First responders participate in active school shooter drill
A Florida truck driver was arrested after federal agents said he threatened to “shoot up” a Memphis church.
Thomas Matthew McVicker, 38, was arrested Monday in Indianapolis before the plan could be carried out, an FBI agent said. Court documents list the semi driver as living in Punta Gorda, but a friend told agents he lives in his rig. Arrest details were not immediately available.
His arrest comes four days after an affidavit requesting an arrest warrant was filed in the Southern District of Alabama and is the most recent incident across the country of men making shooting threats.
On Friday, a Daytona Beach man was arrested after being accused of sending several text messages that included threats about shooting at large crowds and hoping for large kill counts.
A Winter Park man was also arrested earlier this month after police say he posted a Walmart gun threat on Facebook days after a Walmart shooting in El Paso, Texas killed 22 people.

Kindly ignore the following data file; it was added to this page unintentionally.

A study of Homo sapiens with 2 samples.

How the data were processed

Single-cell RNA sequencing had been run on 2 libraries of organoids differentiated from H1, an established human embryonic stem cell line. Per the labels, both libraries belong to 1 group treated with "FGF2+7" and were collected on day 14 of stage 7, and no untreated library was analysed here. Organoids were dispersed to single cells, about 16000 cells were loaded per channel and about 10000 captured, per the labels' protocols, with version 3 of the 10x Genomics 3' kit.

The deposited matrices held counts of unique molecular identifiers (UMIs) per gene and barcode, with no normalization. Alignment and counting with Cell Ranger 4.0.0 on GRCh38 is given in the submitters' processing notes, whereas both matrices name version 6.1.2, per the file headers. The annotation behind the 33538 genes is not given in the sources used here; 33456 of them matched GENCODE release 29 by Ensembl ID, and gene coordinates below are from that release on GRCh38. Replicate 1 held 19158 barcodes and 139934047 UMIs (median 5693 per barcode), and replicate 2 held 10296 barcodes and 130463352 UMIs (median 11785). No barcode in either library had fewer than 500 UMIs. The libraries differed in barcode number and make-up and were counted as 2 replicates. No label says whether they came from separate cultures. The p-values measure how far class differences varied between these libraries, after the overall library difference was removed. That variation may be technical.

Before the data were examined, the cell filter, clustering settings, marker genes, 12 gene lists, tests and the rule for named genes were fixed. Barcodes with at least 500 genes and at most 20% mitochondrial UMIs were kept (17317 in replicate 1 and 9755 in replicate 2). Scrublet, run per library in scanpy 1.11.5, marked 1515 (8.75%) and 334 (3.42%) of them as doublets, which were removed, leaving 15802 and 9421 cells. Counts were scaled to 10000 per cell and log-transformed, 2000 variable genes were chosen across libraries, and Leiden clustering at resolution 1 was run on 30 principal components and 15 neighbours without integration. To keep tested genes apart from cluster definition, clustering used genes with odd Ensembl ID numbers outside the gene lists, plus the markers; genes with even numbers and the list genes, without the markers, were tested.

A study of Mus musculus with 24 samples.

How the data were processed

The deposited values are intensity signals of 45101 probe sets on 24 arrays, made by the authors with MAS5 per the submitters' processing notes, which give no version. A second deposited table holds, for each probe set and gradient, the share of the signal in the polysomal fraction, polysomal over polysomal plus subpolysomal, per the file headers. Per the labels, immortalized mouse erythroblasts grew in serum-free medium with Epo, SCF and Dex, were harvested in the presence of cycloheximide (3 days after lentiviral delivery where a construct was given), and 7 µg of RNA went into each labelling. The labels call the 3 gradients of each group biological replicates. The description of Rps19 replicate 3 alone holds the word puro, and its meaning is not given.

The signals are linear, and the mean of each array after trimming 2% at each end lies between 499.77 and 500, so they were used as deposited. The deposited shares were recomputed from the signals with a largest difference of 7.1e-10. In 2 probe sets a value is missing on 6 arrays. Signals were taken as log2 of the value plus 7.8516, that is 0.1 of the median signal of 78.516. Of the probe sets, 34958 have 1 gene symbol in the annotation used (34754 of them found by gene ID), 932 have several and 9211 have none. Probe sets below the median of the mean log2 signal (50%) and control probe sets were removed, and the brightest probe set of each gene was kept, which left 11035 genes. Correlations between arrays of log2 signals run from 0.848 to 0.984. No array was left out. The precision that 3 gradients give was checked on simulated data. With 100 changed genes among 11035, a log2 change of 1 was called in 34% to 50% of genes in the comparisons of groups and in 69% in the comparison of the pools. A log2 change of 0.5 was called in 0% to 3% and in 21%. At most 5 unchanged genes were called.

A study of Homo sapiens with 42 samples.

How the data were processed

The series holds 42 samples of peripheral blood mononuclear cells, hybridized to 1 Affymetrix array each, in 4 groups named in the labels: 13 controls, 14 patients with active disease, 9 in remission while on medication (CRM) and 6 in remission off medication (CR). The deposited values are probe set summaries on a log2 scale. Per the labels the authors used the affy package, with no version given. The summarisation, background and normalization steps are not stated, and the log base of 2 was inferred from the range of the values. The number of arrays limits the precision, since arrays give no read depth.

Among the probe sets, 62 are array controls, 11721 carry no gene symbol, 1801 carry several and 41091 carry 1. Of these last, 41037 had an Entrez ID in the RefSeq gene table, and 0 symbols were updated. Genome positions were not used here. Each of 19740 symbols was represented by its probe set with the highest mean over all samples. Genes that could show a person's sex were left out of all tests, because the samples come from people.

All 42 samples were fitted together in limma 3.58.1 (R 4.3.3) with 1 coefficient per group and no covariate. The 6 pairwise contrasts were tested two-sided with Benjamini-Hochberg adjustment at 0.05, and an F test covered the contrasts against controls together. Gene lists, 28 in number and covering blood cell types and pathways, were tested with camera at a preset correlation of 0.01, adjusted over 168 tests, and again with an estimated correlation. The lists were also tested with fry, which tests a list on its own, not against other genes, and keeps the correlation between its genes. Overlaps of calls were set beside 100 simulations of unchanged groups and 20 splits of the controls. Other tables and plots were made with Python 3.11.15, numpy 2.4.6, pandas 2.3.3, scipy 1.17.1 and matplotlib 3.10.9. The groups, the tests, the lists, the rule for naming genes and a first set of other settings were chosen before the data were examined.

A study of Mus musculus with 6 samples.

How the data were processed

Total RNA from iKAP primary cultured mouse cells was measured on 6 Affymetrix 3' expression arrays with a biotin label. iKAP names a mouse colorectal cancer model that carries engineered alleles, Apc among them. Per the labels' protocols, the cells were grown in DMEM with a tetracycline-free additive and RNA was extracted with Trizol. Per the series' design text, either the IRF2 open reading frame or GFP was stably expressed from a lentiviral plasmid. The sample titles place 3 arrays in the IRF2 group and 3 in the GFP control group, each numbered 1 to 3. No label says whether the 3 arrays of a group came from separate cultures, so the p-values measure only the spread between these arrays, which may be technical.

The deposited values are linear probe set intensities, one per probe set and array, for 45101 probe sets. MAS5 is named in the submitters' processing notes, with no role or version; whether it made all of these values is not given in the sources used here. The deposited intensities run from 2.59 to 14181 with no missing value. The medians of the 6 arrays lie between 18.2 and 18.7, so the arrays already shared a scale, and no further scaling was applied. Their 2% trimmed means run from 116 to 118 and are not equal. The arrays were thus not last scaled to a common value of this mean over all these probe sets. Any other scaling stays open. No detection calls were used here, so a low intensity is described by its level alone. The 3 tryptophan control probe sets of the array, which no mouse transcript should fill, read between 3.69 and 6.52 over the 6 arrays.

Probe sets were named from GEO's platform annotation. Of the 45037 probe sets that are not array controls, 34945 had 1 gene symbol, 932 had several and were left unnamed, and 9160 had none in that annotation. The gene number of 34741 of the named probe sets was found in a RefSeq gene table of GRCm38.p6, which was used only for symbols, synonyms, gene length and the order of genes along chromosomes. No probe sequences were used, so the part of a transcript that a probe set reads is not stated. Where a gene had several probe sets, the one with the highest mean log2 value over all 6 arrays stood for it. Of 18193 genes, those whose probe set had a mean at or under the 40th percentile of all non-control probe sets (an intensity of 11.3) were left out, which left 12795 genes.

McVicker was wanted for making “clear threats to conduct a mass shooting and suicide,” on Thursday, according to a signed court affidavit.
Earlier this month, one of McVicker’s friends — who lives in Fairhope, Alabama — told an agent from the FBI Tampa office that McVicker was thinking about “shooting a church up” or killing people on the street. He then planned to commit suicide.
The affidavit states McVicker told his friend he was being tortured by evil “entities” inside his body.
When his friend asked why he wanted to kill innocent people, McVicker said, “They put spiritual snakes and spiders in my bed at night. I’ve only seen them a couple of times but they take form and I can feel them crawling on me and under me,” according to the affidavit.
McVicker’s mom told agents he was being treated for schizophrenia, sometimes used cocaine and methamphetamine, and owned a Ruger P90 handgun.
Last week, his Alabama friend called the FBI again and said McVicker was going to “shoot up” the church while in Memphis on Aug. 22 and that he “intended to take his knife and slit the pastor’s throat.”
McVicker’s employer confirmed to the FBI that he had requested to take time off on Thursday and that he would be in Memphis, the affidavit states.
The affidavit never discloses what church McVicker planned to target and that his friend never learned the location. The Memphis Police Department told the Associated Press that they were aware of the threat.
As of Tuesday afternoon, court records do not list a lawyer who can be contacted to comment on McVicker’s behalf.